Rutgers holds high school summer program
By Eddy Ball, Jamie Moscovitz, and Alessandro Venosa
Thanks, in part, to NIEHS-funded programs at Rutgers University, 46 high school students gained new insights into laboratory techniques and real-world applications of toxicology this summer.
The young people, rising sophomores, juniors, and seniors from 30 high schools in New Jersey and surrounding states, were participants in the first Toxicology, Health, and Environmental Disease (THED) High School Summer Program held at the Rutgers University Environmental and Occupational Health Sciences Institute (EOHSI) and Ernest Mario School of Pharmacy. The Rutgers Robert Wood Johnson Medical School and the School of Public Health, along with the NIEHS Center for Environmental Exposure and Disease, provided additional support for the program.
The instructors, who were graduate students and faculty of the Joint Graduate Program in Toxicology at Rutgers, included NIEHS-funded Training in Environmental Toxicology trainees Jamie Moscovitz, Kristin Bircsak, and Thea Golden, Pharm.D., and NIEHS Outstanding New Environmental Scientist awardee Lauren Aleksunes, Pharm.D., Ph.D. Participants met with undergraduates supported by the NIEHS Summer Research Training in Environmental Health Sciences grant and the Program Director Debra Laskin, Ph.D. The students also participated in tours of research facilities organized by the Community Outreach and Education Core of the NIEHS-supported Center for Environmental Exposures and Disease.
“The program gave us a chance to let these students in on a well-kept secret,” Aleksunes said. “Toxicology isn’t just an important part in the foundation of public health. It’s a lot of fun, too.”
A fast-paced and effective curriculum
The two one-week-long instructional sessions in July had ambitious goals, with overall objectives for the program including:
- Introducing students to a variety of modern laboratory techniques used in the biomedical and environmental health sciences fields
- Training students to analyze results and determine real-world applications of data collected
- Exposing students to different career opportunities within medicine, pharmacy, toxicology, environmental health science, and research, through presentations and discussions with professionals.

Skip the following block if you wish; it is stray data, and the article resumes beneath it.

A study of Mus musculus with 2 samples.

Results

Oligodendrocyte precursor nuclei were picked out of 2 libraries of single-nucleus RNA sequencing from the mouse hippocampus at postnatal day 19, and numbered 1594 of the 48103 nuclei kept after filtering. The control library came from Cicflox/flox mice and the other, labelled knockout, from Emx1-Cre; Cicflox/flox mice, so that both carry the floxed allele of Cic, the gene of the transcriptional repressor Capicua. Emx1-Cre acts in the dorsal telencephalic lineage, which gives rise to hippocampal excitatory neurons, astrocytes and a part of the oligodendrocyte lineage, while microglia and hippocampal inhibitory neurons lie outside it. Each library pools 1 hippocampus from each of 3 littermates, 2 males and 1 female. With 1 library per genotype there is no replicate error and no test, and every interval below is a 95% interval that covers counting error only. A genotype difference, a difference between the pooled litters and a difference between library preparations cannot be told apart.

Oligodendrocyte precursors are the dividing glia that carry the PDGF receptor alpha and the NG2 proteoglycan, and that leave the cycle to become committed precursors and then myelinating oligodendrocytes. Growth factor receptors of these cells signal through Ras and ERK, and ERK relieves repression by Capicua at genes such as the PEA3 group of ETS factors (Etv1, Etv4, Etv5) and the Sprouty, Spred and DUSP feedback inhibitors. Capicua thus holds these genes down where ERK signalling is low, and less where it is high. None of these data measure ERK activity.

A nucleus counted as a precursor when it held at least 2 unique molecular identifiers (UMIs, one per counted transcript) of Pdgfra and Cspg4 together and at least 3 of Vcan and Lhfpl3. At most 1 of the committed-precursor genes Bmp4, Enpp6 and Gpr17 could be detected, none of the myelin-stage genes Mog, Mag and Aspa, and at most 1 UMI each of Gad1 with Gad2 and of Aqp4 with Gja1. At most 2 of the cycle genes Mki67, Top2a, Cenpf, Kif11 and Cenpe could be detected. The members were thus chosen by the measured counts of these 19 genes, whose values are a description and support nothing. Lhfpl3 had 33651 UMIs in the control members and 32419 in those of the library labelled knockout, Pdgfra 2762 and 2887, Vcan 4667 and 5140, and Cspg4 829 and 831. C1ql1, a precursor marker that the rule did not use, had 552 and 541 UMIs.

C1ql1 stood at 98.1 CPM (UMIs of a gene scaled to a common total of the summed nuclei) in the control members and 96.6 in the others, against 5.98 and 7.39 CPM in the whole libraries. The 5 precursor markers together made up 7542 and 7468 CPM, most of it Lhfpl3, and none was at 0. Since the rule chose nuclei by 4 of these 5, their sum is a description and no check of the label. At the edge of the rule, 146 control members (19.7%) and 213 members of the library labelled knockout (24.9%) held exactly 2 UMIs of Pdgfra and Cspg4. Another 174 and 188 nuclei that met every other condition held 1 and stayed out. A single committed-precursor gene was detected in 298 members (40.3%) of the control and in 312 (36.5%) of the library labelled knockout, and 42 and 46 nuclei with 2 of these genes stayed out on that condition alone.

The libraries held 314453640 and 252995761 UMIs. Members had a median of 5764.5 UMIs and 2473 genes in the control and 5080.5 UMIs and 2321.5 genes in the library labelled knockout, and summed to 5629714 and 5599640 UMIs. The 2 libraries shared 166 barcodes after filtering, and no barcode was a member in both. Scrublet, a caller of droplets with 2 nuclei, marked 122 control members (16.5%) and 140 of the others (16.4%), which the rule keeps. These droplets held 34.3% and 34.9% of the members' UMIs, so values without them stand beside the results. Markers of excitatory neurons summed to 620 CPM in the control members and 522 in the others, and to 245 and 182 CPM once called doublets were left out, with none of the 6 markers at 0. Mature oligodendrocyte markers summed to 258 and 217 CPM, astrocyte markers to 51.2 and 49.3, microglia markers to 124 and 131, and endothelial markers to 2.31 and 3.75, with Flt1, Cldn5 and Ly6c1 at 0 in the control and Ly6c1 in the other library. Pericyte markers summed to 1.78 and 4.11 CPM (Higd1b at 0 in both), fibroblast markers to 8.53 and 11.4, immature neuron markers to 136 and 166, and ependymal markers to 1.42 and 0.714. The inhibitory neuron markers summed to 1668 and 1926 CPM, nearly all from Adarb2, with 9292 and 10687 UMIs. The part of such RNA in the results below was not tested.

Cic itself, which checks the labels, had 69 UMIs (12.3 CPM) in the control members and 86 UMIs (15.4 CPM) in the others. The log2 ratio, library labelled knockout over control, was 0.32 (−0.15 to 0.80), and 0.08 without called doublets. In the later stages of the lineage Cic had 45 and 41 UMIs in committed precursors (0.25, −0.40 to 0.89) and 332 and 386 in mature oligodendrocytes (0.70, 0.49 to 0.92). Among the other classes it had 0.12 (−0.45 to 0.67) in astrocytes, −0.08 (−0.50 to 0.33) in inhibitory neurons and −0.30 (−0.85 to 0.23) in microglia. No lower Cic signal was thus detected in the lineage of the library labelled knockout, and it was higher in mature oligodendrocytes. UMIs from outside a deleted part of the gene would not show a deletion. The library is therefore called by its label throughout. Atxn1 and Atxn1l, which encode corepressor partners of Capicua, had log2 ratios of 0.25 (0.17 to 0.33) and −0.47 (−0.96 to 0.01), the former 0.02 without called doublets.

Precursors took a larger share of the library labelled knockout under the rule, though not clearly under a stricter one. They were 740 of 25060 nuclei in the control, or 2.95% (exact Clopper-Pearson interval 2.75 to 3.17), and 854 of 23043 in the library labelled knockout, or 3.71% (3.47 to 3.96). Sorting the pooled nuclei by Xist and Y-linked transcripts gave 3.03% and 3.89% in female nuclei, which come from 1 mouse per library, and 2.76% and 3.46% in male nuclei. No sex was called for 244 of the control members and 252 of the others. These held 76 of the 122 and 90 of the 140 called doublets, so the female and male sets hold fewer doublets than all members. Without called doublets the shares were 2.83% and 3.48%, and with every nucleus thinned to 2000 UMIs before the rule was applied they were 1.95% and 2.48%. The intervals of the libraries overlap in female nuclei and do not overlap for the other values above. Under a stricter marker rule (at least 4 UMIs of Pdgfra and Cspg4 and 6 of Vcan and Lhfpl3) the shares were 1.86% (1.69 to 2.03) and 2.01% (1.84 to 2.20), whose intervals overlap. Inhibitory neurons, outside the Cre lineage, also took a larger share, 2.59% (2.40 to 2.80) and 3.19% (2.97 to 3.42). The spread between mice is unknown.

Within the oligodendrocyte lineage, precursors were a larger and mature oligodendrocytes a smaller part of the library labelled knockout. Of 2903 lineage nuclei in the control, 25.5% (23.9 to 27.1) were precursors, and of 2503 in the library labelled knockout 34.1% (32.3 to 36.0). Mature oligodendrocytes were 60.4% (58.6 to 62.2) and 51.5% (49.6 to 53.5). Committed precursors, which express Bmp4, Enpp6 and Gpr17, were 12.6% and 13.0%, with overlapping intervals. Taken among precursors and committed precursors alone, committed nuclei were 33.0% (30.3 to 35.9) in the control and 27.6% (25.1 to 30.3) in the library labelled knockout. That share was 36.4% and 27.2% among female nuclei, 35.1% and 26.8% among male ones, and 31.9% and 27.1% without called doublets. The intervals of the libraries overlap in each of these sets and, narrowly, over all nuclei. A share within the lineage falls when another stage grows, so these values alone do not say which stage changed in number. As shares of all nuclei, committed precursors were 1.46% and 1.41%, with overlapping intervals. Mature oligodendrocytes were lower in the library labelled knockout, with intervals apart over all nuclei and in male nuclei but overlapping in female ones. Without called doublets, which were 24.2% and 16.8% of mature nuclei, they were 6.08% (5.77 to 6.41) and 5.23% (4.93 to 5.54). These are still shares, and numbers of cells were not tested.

The curriculum revolved around three toxicology-related themes — cellular injury, cellular response, and genetic predisposition. Interestingly, three-quarters of the participants were female. Students said they enrolled in the program because of their interest in biomedical research.
Students spent 30 percent of the week participating in laboratory activities, and 70 percent in classroom activities, learning about critical concepts and applications of toxicology and public health to current events. Each activity had instructor to student ratios between 1-to-4 and 1-to-8, to ensure individual attention for participants. The week of learning culminated with group presentations to parents and instructors of the various activities completed.
Evaluating specific outcomes
Students completed both preprogram and post-program surveys assessing research abilities and knowledge as outcomes. Following completion of the program, students scored themselves higher in their ability to perform laboratory techniques, including pipetting, DNA isolation, and cell culture.
Students also reported greater comfort with giving presentations and analyzing clinical findings. Using a 20 question true or false quiz on toxicology-related topics, students preprogram scored 67 percent correct, and post-program scored 81 percent correct. Furthermore, students ranked the genetics, histology, and pathology labs as their favorite activities.
Applications for the 2014 THED High School Summer Program will be available online at the EOHSI Web page in the spring.
(Jamie Moscovitz and Alessandro Venosa are Ph.D. candidates in the Joint Graduate Program in Toxicology at Rutgers University, and served as the primary course instructors for the 2013 program.)